Photography is an art of observation. It has little to do with the things you see, and everything to do with the way you see them.
Loki, the dog of mischief, relaxing in the back yard on a hot day & much more interested in squirrels & his stick than in posing for a photograph.
In one of my works in progress, the protagonist is a photographer who uses a vintage twin-lens reflex (TLR) camera.
Back before I switched to digital photography, I dabbled in TLR film photography with a vintage Ricoh Diacord. When I started writing about operating a TLR, I realized I needed to brush up on the details. How do you set the exposure again? And is the image on the ground glass reversed, or reversed & upside down?
So I dusted off my Diacord, loaded a roll of Portra 400, made 12 exposures, & shipped the film off to the lab, all in the name of research. Then the scans came back. This photo of the dog of mischief was near the end & was my very favorite shot from the roll.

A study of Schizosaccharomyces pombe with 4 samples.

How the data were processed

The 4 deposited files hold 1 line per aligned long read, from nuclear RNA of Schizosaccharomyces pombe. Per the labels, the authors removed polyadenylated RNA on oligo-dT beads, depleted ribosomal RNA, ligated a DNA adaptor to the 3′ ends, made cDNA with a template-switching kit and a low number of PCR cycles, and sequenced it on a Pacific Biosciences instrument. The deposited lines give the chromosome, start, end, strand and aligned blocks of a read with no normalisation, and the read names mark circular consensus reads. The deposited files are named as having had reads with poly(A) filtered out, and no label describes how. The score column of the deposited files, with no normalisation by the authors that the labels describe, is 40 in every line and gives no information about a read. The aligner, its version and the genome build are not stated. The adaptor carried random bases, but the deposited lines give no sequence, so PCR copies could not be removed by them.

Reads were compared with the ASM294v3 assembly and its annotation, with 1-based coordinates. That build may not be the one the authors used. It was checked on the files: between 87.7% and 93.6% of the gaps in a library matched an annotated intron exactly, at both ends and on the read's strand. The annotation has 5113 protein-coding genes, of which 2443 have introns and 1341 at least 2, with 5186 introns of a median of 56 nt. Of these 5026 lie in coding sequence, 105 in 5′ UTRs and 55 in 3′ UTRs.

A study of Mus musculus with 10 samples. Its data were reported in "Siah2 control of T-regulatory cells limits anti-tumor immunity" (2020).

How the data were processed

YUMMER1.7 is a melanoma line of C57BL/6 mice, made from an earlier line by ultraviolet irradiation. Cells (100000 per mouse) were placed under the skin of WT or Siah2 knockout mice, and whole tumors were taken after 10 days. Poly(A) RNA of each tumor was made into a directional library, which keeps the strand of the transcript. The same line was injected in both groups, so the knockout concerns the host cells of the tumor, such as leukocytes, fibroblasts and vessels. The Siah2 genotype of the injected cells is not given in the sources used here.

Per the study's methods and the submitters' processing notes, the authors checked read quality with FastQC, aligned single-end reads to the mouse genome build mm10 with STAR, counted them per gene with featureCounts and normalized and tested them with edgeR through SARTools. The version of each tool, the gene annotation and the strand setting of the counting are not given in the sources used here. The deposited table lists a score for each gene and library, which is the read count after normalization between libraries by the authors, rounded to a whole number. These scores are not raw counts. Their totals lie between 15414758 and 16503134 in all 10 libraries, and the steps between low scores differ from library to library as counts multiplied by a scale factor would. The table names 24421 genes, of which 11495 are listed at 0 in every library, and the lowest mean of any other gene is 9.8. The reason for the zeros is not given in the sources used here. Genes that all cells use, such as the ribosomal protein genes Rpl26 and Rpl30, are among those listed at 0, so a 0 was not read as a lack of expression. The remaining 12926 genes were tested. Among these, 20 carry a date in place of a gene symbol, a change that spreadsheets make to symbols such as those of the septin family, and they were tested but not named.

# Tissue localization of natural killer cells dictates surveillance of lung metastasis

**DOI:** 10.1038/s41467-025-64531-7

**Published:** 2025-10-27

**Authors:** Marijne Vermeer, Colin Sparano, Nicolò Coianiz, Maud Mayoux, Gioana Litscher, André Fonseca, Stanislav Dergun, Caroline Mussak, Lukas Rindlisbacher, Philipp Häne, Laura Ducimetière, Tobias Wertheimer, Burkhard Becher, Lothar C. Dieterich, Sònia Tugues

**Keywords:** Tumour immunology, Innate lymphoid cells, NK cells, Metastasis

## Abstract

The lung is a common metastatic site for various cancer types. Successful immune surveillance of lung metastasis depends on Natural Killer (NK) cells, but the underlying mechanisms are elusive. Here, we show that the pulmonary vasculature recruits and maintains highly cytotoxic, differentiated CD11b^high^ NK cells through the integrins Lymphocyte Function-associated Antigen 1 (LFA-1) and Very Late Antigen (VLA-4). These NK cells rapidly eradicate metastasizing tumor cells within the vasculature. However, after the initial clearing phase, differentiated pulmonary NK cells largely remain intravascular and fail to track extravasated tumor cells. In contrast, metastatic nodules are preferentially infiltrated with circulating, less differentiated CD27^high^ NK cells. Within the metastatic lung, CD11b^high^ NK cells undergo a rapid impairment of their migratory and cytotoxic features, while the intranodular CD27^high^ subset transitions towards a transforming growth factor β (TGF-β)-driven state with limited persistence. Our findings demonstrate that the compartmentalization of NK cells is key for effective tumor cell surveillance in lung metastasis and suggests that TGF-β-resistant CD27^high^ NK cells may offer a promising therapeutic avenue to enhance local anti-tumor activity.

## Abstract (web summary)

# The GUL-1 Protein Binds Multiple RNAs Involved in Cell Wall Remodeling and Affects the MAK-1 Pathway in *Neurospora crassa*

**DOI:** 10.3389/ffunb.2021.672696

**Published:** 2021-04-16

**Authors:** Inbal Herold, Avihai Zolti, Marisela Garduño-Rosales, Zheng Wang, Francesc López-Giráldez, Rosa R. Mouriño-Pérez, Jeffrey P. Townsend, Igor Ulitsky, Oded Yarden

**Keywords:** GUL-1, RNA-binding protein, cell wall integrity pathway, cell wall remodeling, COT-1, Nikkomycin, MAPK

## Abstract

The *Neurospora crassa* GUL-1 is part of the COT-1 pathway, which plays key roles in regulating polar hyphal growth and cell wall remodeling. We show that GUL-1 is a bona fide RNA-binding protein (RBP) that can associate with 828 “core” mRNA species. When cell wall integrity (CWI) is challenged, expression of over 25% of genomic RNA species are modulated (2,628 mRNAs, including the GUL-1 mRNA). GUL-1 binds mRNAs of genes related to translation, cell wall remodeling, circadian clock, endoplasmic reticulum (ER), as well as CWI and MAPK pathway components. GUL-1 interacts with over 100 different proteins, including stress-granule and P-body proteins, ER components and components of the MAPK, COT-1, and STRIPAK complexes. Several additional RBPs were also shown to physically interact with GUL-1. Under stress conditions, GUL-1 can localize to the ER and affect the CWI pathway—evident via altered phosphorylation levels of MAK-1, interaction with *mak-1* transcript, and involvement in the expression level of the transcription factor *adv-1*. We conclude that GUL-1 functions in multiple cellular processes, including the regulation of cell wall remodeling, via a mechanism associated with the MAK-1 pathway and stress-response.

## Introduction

I had forgotten how much I love the look of TLR photographs–the square format, the detail, the depth of field—nothing else is quite like them.
This was my first time shooting color film in the Diacord. My previous experiments were all done in black & white, which I still love, but I was surprised by how much I liked color TLR photographs. There’s a new roll in the camera & it’s over half full, so expect to see more film photos in the very near future.
Oh, & if you were wondering, the image is reversed left to right in
the Diacord, making composing an image a bit of a challenge.